Scram Kitty DX, the deluxe version of last years Wii U indie game Scram Kitty and His Buddy on Rails from Dakko Dakko, is now available for Vita. Is it meow-nificent, or just what the cat dragged in?
While from the screenshots you may be expecting the game to be predominantly a 2D shooter, and fundamentally it is at heart, the game is equally as much of a platformer. The objective of the game is to rescue four cats from each level from space mice; the first is always at the exit, one requires you to defeat the level boss, another is obtained by collecting 100 scattered coins, and the final kitty requires you to chase after it – effectively a timed checkpoint race across the level.
Your character is on rails – literally – and these rails must be strongly magnetised, as you will be returned to them as if by a bit of elastic unless you’re able to reach another platform. Not all rails are the same, and you will encounter some which propel you in one direction, prevent you from jumping, slide you around, or result in injury. Pressing jump again before landing gives you a higher jump and turns you into a fireball, enabling you to destroy enemies and certain parts of the environment. Also, rather strangely, the more heath you have, the higher you can jump, which does make some longer jumps trickier when on low heath.
The game is not one to hold your hand – aside from four short tutorial levels demonstrating the requirements to capture the four cats, there is effectively no guidance at all, and particularly at the start of the game, you’ll find yourself approaching something of a learning cliff rather than a learning curve. The controls, particularly combining the double jump with the orbit effect of the magnetisation pull, take a lot of getting used to. At times you are required to either have great speed or exacting precision, but you never feel that you are able to do either reliably.
As a result of the above, the first hour or so is incredibly frustrating, and will inevitably turn people away from the game. While faced with this battle against the controls, a stream of new gameplay mechanics are thrown at you, which you are left to solve for yourself. If you can persevere beyond that, the game comes alive as you start to get a feel for what you can do, and deaths become predominantly as a result of your own incompetence or impatience rather than a battle with the controls.
Obtaining all the cats becomes an addictive obsession, and at points you start to develop a feeling of a risk/reward ratio, in deciding whether to gamble as and try and bringing back an additional kitty, or banking the ones you have already.
Your default weapon can only fire at a 90 degree angle to the side, which can cause a few awkward moments while you look for the right angle of wall or just for the enemy to move to somewhere you can shoot at it. There are three alternate weapon pickups which can really change the feel of combat, they more powerful and are required to break through into new areas or activate switches, but are more limited by range or rate of fire.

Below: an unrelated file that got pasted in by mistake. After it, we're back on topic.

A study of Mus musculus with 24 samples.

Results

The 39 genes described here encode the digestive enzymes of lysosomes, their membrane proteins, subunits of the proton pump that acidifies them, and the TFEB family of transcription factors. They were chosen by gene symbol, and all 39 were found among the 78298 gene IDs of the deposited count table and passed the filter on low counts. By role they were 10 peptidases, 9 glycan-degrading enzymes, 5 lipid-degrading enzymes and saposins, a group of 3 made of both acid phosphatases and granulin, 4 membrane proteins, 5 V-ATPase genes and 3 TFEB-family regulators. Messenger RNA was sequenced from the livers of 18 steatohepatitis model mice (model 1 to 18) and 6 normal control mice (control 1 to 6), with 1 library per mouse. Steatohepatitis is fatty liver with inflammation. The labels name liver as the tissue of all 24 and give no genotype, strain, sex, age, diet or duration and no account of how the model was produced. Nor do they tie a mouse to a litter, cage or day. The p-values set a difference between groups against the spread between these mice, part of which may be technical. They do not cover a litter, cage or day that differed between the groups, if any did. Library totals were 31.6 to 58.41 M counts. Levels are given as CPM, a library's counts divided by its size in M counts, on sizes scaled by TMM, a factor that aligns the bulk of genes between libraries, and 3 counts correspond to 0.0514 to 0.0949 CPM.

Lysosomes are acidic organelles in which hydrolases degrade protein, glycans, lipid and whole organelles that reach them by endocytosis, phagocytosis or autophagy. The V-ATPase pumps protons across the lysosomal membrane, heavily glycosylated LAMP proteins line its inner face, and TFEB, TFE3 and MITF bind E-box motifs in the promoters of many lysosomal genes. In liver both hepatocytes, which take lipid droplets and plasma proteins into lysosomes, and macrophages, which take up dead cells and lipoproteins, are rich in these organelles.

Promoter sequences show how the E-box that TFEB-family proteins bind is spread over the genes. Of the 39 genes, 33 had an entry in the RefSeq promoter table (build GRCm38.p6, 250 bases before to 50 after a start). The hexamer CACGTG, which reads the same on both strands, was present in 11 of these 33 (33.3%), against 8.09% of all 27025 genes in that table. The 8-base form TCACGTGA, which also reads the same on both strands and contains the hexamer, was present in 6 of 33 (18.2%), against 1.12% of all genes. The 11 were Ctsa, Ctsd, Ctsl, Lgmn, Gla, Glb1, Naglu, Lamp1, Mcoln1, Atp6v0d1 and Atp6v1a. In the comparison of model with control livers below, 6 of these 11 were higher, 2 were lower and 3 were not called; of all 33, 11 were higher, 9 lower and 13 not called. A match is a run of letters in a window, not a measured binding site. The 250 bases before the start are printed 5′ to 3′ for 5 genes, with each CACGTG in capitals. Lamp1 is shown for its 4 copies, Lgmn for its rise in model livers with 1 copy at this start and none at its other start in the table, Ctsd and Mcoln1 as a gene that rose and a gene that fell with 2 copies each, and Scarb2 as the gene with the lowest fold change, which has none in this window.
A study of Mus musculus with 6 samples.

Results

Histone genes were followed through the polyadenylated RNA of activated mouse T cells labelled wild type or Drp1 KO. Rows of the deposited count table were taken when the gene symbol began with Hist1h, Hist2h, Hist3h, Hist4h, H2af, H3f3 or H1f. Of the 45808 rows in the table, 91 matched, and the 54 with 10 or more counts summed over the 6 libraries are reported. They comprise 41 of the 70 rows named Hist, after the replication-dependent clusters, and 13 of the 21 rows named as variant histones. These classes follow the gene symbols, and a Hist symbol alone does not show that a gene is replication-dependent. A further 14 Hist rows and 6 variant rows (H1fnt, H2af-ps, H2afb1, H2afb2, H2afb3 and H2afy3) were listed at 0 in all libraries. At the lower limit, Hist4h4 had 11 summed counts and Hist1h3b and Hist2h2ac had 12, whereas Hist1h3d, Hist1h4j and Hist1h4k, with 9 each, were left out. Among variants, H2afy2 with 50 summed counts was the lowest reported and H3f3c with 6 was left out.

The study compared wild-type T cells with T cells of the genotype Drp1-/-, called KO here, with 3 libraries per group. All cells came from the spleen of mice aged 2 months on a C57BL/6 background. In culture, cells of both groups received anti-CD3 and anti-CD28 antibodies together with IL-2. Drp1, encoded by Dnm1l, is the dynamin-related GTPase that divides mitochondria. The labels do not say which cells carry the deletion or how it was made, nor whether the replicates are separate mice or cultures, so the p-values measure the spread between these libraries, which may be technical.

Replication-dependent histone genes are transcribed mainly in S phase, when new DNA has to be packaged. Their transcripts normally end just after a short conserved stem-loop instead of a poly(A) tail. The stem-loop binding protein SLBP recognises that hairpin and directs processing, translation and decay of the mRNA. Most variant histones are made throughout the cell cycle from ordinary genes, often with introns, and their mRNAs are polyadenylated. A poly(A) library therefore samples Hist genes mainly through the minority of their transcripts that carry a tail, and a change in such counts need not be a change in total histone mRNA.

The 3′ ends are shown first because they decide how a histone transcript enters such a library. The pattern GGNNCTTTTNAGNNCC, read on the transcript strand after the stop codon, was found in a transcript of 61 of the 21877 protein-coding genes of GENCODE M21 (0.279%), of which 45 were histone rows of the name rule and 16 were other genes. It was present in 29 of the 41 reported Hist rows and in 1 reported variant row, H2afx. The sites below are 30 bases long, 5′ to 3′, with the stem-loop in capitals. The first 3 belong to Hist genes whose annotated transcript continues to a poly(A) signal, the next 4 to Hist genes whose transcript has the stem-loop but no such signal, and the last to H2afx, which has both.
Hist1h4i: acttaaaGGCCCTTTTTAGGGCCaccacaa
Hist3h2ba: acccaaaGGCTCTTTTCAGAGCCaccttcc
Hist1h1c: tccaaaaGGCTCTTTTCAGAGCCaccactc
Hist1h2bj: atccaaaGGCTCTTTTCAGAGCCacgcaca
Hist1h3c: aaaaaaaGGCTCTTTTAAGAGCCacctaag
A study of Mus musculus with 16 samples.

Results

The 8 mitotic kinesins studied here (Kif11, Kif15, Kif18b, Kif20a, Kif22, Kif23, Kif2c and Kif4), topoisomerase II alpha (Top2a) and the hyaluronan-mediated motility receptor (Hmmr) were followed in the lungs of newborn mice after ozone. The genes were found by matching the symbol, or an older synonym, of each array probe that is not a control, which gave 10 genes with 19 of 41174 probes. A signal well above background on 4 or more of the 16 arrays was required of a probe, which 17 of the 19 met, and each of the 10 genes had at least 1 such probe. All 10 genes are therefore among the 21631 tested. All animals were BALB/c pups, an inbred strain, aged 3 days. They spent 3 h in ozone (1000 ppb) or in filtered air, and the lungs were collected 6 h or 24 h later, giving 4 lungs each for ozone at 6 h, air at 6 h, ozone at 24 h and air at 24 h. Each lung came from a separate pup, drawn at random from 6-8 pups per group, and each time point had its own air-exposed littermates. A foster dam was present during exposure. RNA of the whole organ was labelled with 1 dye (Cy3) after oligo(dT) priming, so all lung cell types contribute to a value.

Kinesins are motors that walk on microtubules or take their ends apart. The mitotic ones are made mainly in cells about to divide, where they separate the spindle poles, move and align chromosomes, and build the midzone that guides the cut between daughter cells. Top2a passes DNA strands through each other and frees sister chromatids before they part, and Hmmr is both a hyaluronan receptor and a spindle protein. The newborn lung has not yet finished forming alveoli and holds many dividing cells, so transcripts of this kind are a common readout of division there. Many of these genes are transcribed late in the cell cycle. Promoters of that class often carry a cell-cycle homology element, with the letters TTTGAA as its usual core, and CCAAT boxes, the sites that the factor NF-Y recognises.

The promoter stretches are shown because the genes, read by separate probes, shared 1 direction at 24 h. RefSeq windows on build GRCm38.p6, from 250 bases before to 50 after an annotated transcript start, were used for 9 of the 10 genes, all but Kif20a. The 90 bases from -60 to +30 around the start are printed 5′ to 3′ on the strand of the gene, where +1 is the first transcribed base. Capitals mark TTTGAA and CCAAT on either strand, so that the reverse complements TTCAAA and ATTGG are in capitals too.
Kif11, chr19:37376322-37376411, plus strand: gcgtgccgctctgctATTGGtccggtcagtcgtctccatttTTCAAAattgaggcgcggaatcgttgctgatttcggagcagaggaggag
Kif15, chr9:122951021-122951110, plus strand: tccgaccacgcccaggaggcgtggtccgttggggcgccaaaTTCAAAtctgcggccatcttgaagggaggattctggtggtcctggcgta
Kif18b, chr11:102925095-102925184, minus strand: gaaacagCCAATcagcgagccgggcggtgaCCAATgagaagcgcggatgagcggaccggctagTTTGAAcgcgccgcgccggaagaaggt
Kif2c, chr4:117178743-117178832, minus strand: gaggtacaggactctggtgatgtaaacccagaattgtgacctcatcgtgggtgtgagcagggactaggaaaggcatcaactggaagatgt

The retro-inspired art-style means the game looks great, and appears well polished – despite all the action underway at times, I didn’t notice any performance issues, although there were a couple of times where I was warped back to the start of the level following contact with a moving object.
The difficulty seemed rather variable between levels and challenges, although this is helped by a non-linear progression which is very generous about letting you move on to another stage without having to collect all, or even most, the cats from the previous ones.
Once you’re got to the end of the 24 non-tutorial levels and defeated the final boss, with each stage having the same goals the game starts to feel a little repetitive, although your longevity will depend on how determined you are to go back and rescue all the cats on each level.
The deluxe version sees the introduction of cross-save with the PS4 version (the game is also cross-buy) and a challenge mode – which consists of trying to collect all the cats on a level within a time limit – with the clock reduced for damage taken. The challenge mode leans heavily on speed of movement, which was the part I struggled most to get to grips with, but it was a nice variation from the standard level goals. The challenge mode also has leaderboard support, enabling you compete against your friends for the best time.
If you have the patience and determination to get though a tough first impression and learn to adapt to the controls, you will find a good, enjoyable game that effectively combines a 2D shooter and a platformer into a unique mix, but many will understandably have thrown in the towel before this point.